I use a grinder if i need to (can get a bit rough on site), normally I just use a set of diamond stones that I got , One problem with these i found
is that I can`t do my small chisle as it gose into the holes in the stone
I just wondered if anybody out there uses the Jim Kinkshott method of sharpening. You know, five liquid nitrogen cooled grinders of different grades, followed by a coarse of twenty waterstones, finishing off with three different grades of stropping (OK. I may of exagerated a bit). If you do, what's the point and when do you find time to use the tools on wood.
In case you wondered, I use a high speed grinder for heavy stuff, and a fine dimond stone, without a honing guide (not a dmt, but an eze-lap, far superior, at a third of the price) for everything else.
So it was just a troll then? (As I believe they're called) Oh nice. Thanks. So you were just wanting someone to step up so you could tell them how stupid they are? How friendly.
FYI, Eze-lap are widely regarded as far inferior. If you wanted to name drop a fancy diamond stone you should have chosen the Norton ones. Also, if you are going to have a go at a highly respected exponent of hand tool use you might at least have the courtesy to get his name right. It's Kingshott.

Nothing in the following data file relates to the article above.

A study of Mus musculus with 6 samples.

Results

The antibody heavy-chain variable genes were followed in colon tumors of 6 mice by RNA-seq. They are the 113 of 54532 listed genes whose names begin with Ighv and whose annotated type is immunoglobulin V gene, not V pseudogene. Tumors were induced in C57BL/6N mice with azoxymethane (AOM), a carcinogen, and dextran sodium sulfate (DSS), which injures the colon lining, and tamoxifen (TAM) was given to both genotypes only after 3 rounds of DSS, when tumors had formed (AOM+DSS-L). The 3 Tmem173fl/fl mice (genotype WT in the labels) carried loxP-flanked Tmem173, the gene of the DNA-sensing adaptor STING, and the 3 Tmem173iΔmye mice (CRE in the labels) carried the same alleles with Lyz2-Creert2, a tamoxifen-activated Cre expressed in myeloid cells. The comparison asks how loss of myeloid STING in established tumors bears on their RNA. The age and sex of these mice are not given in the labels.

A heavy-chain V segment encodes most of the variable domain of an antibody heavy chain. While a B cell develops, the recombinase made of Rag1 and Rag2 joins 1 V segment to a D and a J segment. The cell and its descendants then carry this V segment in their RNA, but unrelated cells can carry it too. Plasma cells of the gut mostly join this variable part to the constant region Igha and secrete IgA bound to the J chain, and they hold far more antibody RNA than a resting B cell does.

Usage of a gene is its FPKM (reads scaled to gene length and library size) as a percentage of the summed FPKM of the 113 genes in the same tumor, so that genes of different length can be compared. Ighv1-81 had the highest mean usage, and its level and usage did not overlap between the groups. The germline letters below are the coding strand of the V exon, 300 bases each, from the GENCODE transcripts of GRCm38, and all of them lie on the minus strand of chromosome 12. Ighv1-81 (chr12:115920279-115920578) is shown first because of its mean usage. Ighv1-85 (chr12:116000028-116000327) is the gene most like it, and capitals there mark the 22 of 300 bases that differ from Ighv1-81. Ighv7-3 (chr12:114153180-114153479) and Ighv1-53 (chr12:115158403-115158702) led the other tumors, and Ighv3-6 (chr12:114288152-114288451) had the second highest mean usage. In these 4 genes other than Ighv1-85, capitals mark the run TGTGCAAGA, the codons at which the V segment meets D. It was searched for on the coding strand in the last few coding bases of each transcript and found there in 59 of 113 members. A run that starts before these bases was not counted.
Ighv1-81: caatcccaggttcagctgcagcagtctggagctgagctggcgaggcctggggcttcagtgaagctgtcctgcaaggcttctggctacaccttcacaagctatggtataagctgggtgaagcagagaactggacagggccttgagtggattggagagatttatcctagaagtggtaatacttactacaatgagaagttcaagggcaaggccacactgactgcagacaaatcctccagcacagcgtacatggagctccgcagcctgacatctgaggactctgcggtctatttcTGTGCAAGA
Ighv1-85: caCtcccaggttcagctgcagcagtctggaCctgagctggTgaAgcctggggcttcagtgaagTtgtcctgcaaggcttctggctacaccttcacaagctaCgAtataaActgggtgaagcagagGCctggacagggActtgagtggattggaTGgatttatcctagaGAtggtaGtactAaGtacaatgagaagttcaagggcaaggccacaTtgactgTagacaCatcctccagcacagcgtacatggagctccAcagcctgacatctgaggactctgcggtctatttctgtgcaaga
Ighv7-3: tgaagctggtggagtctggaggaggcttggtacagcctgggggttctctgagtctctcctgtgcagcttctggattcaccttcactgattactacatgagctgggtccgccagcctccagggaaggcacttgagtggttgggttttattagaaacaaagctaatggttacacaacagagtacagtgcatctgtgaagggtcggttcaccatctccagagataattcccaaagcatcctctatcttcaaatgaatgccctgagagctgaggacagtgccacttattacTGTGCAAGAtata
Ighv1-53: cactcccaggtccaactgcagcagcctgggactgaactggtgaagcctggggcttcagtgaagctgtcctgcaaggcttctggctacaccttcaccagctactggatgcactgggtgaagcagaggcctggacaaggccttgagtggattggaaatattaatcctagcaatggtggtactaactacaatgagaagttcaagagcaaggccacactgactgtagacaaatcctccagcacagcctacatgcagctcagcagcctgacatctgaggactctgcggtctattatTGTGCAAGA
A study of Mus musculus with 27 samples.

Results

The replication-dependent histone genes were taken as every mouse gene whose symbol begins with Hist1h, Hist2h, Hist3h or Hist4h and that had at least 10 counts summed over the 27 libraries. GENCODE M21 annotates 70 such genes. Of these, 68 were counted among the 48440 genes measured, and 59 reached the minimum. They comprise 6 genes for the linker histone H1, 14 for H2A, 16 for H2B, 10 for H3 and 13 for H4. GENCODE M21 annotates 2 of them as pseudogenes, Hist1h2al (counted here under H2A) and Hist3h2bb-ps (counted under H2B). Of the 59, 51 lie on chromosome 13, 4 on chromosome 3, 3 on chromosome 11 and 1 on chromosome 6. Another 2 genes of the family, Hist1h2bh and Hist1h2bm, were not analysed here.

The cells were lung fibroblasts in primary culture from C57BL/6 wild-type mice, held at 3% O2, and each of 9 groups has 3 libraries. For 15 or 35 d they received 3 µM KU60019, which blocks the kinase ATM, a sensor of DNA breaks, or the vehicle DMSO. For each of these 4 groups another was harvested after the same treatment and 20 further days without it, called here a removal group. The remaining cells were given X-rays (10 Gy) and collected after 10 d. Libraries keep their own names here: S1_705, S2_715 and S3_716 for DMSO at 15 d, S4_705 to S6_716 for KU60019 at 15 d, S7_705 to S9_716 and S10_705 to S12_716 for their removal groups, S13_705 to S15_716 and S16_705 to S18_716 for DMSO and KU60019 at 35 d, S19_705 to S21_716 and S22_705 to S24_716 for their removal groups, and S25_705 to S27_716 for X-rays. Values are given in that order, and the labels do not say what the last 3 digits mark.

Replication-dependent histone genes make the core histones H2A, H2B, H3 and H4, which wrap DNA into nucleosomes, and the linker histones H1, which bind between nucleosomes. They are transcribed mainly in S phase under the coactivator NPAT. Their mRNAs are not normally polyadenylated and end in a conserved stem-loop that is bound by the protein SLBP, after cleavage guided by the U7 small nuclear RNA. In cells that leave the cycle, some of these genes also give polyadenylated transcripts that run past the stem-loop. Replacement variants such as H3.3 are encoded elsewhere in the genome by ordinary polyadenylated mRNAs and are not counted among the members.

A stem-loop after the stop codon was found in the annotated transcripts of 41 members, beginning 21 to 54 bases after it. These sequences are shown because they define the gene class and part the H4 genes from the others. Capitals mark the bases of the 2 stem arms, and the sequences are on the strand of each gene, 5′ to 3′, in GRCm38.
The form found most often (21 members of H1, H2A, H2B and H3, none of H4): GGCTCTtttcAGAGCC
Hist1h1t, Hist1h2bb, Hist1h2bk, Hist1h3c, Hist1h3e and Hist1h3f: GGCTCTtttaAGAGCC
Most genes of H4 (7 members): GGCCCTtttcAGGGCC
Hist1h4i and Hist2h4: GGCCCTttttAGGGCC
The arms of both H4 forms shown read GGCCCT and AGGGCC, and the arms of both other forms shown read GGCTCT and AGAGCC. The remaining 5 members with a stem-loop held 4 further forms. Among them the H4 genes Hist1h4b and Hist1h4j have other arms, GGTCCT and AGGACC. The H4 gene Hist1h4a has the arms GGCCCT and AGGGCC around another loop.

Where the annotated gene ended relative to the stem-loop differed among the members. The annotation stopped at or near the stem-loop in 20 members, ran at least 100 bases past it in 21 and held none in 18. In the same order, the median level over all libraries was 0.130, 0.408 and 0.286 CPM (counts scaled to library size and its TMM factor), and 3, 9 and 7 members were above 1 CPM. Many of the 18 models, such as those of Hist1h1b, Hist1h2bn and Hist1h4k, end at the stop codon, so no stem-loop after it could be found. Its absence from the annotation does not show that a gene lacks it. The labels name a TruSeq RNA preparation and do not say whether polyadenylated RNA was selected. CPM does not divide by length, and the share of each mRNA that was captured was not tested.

Somewhat less than impressed
P.S. Sorry if this is out of line, Charley. Feel free to pull it if you want.
Sorry if I offended you, and no it wasn't a troll (whatever they are).
I wanted someone to put across their view of complex sharpening arangements and justify their use. I wasn't out just to slate someone.
Ezelap inferior? explain!
As for Kingshott, (appologies for the typing error), I have the greatest respect for the bloke, but that doesn't mean I have to agree with all his working practices.
(not too pleased about an unwarrented slating)
Do Norton have a website or any other literature available?
I've used an eze-lap daily for three years, and it still gets hairs jumping from my arm in a few passes (of the stone that is, not my arm). If a norton can top that, then I am impressed.
Just a quick note to eze-lap users. I find they are more efficient when used with a fine oil rater than water, plus the oil doesn't send your tools rusty like water does. I found this to be the main problem with japanese waterstones, as well as the fact that they are soft and wear quickly. Not such a problem if they are to be used in the workshop all the time and you have a means of flattening them, but its a real pain in the buttocks when you are out on site. There is nothing more anoying than trying to mortice hinges with a domed chisel.